Fair Work hands down ‘significant’ ruling on schools

Fair Work hands down ‘significant’ ruling on schools

In a decision that the Fair Work Commission’s full bench acknowledged was inconsistent with a similar ruling in 2015, schools no longer need to immediately fire staff charged with child sex offences.
The ruling comes after Sydney Catholic Schools – formally Catholic Education Office Sydney – lost a case where it claimed state law required it to sack a teacher after he was charged with a sex offence involving a minor.

In a statement on Tuesday, Dr Dan White, executive director of the Catholic body, called on State and Federal governments to provide clarity on this issue “as a matter of urgency”.
“The implications of the decision are significant. It will apply to all non-government schools, not just Catholic schools. It throws up a range of other questions that will require urgent consideration from state and federal governments,” he said.

White pointed out that the Commission’s decision was at odds with a ruling made during a similar case in 2015.

On that occasion, the commission found that it was “not permissible and inconsistent with the Child Protection Act” to continue the employment of a teacher who had been banned from working with children.

“What is perplexing about this decision is that had the teacher been employed in a state government school which is governed by the Teaching Services Act, the case would never have even made it to appeal,” White said.

“Non-government schools are covered by a federal enterprise agreement. What this now means is that we have one set of child protection rules for government schools and another set of rules for non- government schools. That situation is untenable.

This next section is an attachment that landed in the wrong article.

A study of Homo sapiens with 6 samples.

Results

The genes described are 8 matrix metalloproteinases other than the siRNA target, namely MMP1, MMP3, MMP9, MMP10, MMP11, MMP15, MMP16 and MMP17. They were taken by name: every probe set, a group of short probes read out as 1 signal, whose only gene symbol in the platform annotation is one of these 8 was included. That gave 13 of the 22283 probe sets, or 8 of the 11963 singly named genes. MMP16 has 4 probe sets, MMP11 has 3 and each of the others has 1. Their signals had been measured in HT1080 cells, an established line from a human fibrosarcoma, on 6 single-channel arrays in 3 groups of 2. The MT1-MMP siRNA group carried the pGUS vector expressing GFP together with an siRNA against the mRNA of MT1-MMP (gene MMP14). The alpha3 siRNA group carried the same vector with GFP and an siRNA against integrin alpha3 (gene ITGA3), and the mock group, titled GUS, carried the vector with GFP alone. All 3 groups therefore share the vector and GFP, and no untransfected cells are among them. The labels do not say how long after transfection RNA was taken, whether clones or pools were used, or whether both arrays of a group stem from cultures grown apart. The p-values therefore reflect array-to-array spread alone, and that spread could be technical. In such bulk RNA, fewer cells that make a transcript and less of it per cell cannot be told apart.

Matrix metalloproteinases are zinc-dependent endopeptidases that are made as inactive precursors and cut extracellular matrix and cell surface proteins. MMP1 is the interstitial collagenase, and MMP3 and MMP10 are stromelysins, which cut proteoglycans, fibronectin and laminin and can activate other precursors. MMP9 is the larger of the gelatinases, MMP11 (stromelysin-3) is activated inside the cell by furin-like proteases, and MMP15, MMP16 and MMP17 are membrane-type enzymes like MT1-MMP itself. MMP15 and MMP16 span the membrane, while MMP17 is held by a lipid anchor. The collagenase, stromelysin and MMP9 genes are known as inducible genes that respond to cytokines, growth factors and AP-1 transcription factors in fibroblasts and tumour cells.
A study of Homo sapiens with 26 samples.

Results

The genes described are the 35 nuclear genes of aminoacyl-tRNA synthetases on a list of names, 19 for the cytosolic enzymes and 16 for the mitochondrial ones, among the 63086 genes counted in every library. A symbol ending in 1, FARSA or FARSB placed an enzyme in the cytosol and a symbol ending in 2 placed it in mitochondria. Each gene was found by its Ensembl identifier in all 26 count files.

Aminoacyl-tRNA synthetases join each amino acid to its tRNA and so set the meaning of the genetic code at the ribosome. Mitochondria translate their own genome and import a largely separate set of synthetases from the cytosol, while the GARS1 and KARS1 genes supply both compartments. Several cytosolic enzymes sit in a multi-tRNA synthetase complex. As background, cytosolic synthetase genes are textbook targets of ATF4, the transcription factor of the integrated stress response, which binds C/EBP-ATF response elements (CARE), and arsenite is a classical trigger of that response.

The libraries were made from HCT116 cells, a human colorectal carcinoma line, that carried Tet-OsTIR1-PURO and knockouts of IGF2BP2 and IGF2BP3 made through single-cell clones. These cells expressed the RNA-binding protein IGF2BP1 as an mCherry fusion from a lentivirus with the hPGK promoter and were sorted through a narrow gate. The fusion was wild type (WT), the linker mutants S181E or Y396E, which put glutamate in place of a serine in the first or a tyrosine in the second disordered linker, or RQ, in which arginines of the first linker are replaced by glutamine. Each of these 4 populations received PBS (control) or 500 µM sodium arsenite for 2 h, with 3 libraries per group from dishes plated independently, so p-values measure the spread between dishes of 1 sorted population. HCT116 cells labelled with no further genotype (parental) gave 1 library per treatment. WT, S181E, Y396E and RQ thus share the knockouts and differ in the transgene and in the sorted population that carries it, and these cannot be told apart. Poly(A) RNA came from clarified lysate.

“The safety and wellbeing of every young person who attends a Sydney Catholic school sits at the heart of everything we do. This decision undermines our capacity to make every one of our schools as ‘child-safe’ as possible.”

The sacked teacher worked at a Sydney girls’ school until February 2015 when he was charged with indecently assaulting a person under the age of 16. The charges were dropped in August, and the former teacher sued Sydney Catholic Schools for wrongful dismissal.

The Church objected, arguing that it had technically not dismissed the teacher, but rather banned from “child-related work” as he had become a “disqualified person” under the Child Protection Act. 
However, the teacher argued the law did not require his immediate sacking when charges were laid. The law only required that he stopped undertaking “child-related work”, he said. 
The Commission heard the teacher attended a meeting with officials from the Catholic Education Office in February to propose he be assigned alternative duties or suspended without pay while the criminal case proceeded.
Instead, the Church told him his employment was terminated, effective immediately.
The commission sided with the teacher, finding that the law “does not suggest an absolute bar on the continuation of employment.”
“The section does not provide that an employer must not continue to employ a worker at all,” the bench found.
“An employer may decide to dismiss an employee in such circumstances, but is not required to do so. Any such dismissal would be a termination of employment on the employer's initiative.”